Can Euro 2020 Save Konami’s PES Franchise?

Can Euro 2020 Save Konami's PES Franchise?

It has been a long wait, but finally, football fans will have something to cheer this summer as Euro 2020 finally gets underway.  The showcase event is set to take place at locations across Europe, including London, Munich, Rome and your living room. The latter will likely host all the group matches, as well as a route to the final, as the usual video game tie-in lands on your console.

The best-known football game in the world is EA Sport’s FIFA franchise, with FIFA 21 the current title. FIFA tends to sell several million copies, 12.2 million in 2019, whilst PES languished behind on just 550,000 That is in stark contrast to 2008 when PES sold 8.5 million copies, just one million fewer than FIFA 08. One of those reasons for EA’s dominance in the field is the official licensing in the FIFA games, something PES has never completely managed. So why is that?

That makes it a surprise that the European Championships are licensed by PES developer Konami. They had the 2016 tournament, and disappointingly did not even use it that well. Some countries did not have updated squads or kits, and there was a single new stadium, the Stade de Paris, for gamers to enjoy. The following year, sales dipped by 300,000, whilst FIFA’s rose again. It was seen as an own goal, even by fans of the series. The reality is, if you’re going to present a serious sim for football fans around the globe, you need to give them a game with meat on its bones.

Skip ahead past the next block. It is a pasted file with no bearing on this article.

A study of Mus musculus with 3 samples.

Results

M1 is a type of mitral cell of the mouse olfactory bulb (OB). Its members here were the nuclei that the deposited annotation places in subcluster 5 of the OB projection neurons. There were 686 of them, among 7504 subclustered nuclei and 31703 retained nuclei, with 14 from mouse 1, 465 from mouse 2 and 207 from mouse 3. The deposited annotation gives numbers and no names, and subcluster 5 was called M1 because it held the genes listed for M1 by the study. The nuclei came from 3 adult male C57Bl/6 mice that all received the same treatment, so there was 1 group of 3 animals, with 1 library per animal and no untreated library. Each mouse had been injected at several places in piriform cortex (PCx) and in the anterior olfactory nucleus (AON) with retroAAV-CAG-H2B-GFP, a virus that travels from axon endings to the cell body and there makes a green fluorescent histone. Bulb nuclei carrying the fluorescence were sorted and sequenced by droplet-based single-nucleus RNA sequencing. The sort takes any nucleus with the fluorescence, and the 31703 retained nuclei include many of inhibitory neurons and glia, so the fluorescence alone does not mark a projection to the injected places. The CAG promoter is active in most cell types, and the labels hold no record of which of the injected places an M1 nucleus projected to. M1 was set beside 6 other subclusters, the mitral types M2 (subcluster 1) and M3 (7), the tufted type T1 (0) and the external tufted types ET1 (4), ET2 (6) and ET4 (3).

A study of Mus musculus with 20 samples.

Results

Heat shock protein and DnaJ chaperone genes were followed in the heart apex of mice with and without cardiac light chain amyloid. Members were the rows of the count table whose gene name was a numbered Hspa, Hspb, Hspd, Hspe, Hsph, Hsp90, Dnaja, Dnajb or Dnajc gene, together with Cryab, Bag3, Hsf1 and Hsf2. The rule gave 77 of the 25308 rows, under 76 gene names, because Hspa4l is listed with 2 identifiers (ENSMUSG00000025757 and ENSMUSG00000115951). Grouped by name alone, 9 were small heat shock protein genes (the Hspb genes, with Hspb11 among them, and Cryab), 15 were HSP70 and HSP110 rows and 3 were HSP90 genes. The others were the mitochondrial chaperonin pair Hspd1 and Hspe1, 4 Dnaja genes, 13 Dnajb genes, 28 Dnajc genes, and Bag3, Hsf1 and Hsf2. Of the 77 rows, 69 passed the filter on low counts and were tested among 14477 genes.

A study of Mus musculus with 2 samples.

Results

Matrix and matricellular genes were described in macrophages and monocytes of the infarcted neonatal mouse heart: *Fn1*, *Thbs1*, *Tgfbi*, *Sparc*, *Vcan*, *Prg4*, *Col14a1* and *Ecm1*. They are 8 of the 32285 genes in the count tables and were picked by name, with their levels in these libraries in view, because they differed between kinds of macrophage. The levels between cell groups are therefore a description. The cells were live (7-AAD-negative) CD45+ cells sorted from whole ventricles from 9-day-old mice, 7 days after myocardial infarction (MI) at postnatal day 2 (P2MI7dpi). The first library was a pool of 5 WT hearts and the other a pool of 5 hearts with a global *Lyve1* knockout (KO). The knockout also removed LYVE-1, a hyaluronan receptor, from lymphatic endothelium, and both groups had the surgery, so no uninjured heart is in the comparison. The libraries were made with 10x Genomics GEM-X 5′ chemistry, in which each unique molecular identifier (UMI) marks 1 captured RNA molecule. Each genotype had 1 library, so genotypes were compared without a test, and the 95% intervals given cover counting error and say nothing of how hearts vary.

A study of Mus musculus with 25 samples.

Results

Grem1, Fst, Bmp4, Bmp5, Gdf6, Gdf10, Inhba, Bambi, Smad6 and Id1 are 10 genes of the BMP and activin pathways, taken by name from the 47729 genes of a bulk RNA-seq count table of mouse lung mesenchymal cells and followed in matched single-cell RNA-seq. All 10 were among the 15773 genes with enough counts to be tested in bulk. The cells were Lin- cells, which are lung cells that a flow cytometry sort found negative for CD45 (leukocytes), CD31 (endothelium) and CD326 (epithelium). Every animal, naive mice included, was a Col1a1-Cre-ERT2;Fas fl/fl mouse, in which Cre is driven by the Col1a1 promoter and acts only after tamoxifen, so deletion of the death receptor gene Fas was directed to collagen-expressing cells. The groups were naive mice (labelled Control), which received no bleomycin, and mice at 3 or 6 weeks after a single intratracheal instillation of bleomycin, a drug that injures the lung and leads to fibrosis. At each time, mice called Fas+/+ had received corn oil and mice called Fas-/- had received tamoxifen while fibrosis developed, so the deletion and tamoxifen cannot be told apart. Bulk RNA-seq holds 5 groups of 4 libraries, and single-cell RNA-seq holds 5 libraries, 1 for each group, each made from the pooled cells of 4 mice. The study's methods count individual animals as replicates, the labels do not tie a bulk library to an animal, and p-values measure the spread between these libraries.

This year promises to be different, something we already know after a Euro 2020 update dropped on PES 20 last April. Even though the official tournament was canceled, the game tie-in was released, for free, for players who already owned PES 20. This time it did boast the latest kits and squads, as well as a couple of new stadiums and the other UEFA teams that failed to qualify.

PES continued to take football gaming in a new direction this summer, releasing an update to their main game rather than a whole new title. It was a bold move, designed to appeal to fans who buy every year and get little for their money. After all, if the base game is that good, why release a new one the year after? The price point reflected this too, making it cheaper for fans, but where does it leave those wanting to play through the Euro 2020 tournament this summer?


On the whole, PES is moving in a new direction after a decade of decline against the behemoth of FIFA. In 2020, a name change came adding eSports to the usual PES branding, which shifted focus towards online competition. With the change in business model and the investment they have made in official licensing, Konami is trying to claw their way back into the market.

The most important arsenal in their weapon, the Euro 2020 licensing, could deliver a defining moment in the world of football video games, especially with the lessons learned from 2016’s own goal.